Mar 13, 2017
From KPMG TaxWatch
On March 6, 2017, a state trial court judge ruled in favor of three Internet retailers in a case challenging the constitutionality of the state’s economic nexus sales tax standard. Specifically, the court granted the retailer-defendants’ motion for summary judgment, which means the litigation will next advance to the South Dakota Supreme Court. Recall, South Dakota Senate Bill 106 (2106), which became effective May 1, 2016, requires sellers with over $100,000 of gross revenue from sales of tangible personal property, products delivered electronically, or sales of services into South Dakota, or sellers engaging in two hundred or more separate South Dakota sales transactions, to collect and remit state and local sales and use tax. The economic nexus law directly contradicts the physical presence rule articulated in Quill.
After some back and forth over whether the case should be in federal or state court, the case was remanded back to state circuit court on January 17, 2017. In its rather short March 6 order, the court noted that, under Quill, the state is prohibited from imposing sales tax collection and remittance requirements on the defendant retailers. Furthermore, the judge noted that he was bound to follow U.S. Supreme Court precedent, even when “changing times and events clearly suggest a different outcome.” “It is simply not the role of a state circuit court to disregard a ruling from the United States Supreme Court.” The court ordered that the parties will bear their own costs. The Department of Revenue is enjoined from enforcing the collection requirements against other retailers unless and until there is a ruling in its favor. On March 1, 2017, similar legislation (House Bill 19) was signed into law in Wyoming and similar bills are pending in several other states. Please stay tuned to TWIST for future updates.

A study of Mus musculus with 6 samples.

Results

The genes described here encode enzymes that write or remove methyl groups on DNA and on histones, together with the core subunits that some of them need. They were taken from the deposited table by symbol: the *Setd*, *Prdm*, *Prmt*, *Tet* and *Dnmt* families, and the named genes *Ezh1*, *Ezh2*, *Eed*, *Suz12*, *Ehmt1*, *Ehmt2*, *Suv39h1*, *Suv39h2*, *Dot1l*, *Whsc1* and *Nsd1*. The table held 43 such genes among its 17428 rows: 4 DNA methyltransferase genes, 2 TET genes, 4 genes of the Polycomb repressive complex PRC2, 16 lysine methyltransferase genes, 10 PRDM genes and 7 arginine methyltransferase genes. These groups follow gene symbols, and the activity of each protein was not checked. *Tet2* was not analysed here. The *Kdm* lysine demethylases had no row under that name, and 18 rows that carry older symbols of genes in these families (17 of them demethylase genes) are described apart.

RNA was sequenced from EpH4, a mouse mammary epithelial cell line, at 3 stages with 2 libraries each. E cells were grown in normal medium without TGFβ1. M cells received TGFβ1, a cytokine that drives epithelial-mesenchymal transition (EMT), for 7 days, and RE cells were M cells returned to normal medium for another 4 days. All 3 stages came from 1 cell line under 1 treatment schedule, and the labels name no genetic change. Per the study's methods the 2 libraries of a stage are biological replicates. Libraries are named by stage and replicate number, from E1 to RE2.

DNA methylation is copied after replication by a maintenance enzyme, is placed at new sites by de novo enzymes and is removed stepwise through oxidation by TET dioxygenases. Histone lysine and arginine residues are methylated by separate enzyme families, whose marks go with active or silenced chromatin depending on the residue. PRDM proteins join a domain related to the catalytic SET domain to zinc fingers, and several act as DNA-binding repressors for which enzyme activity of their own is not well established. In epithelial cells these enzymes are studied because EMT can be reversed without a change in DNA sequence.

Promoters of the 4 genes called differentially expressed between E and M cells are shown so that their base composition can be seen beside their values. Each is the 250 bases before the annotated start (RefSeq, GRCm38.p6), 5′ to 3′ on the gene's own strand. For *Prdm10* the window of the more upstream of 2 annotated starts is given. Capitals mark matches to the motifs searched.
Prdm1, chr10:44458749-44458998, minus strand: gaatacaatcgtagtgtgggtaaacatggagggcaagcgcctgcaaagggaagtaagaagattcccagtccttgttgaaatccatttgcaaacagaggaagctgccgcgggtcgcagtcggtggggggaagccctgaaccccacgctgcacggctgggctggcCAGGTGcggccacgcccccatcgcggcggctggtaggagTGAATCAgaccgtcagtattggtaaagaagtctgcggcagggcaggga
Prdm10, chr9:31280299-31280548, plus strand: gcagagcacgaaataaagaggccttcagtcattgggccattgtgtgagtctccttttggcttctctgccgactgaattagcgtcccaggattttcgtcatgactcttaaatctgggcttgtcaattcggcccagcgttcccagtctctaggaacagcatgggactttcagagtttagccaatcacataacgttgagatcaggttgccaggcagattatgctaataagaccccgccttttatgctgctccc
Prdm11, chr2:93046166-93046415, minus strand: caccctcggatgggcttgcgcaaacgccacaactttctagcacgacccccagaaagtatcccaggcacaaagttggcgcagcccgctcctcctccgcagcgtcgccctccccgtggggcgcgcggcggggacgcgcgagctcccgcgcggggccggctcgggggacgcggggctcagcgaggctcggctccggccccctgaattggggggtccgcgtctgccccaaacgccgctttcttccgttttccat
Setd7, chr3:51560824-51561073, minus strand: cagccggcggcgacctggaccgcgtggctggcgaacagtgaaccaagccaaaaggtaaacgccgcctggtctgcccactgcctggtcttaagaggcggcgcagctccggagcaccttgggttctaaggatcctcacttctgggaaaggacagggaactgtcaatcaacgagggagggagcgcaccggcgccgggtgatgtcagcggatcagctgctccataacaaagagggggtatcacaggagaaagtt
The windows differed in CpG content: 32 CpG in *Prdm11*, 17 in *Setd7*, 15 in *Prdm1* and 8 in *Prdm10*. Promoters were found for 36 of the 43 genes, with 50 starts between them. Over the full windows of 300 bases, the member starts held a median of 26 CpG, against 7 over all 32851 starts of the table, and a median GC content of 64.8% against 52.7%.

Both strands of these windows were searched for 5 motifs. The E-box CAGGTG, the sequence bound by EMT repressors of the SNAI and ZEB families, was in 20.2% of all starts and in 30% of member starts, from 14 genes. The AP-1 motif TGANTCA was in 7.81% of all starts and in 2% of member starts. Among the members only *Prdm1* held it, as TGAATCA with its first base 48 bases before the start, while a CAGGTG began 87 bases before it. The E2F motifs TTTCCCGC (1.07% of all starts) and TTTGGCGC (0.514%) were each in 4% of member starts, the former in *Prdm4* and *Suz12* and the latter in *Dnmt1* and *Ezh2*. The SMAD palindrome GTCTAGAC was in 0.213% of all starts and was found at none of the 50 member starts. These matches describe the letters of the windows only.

For more information about TWIST or to view archived episodes, please visit our TWIST homepage.
To receive TWIST e-mails each Monday morning, make sure that state, local and indirect is checked off as one of your topics of interest on the KPMG TaxWatch registration site.
The following information is not intended to be "written advice concerning one or more federal tax matters" subject to the requirements of section 10.37(a)(2) of Treasury Department Circular 230.
The information contained herein is of a general nature and based on authorities that are subject to change. Applicability of the information to specific situations should be determined through consultation with your tax adviser.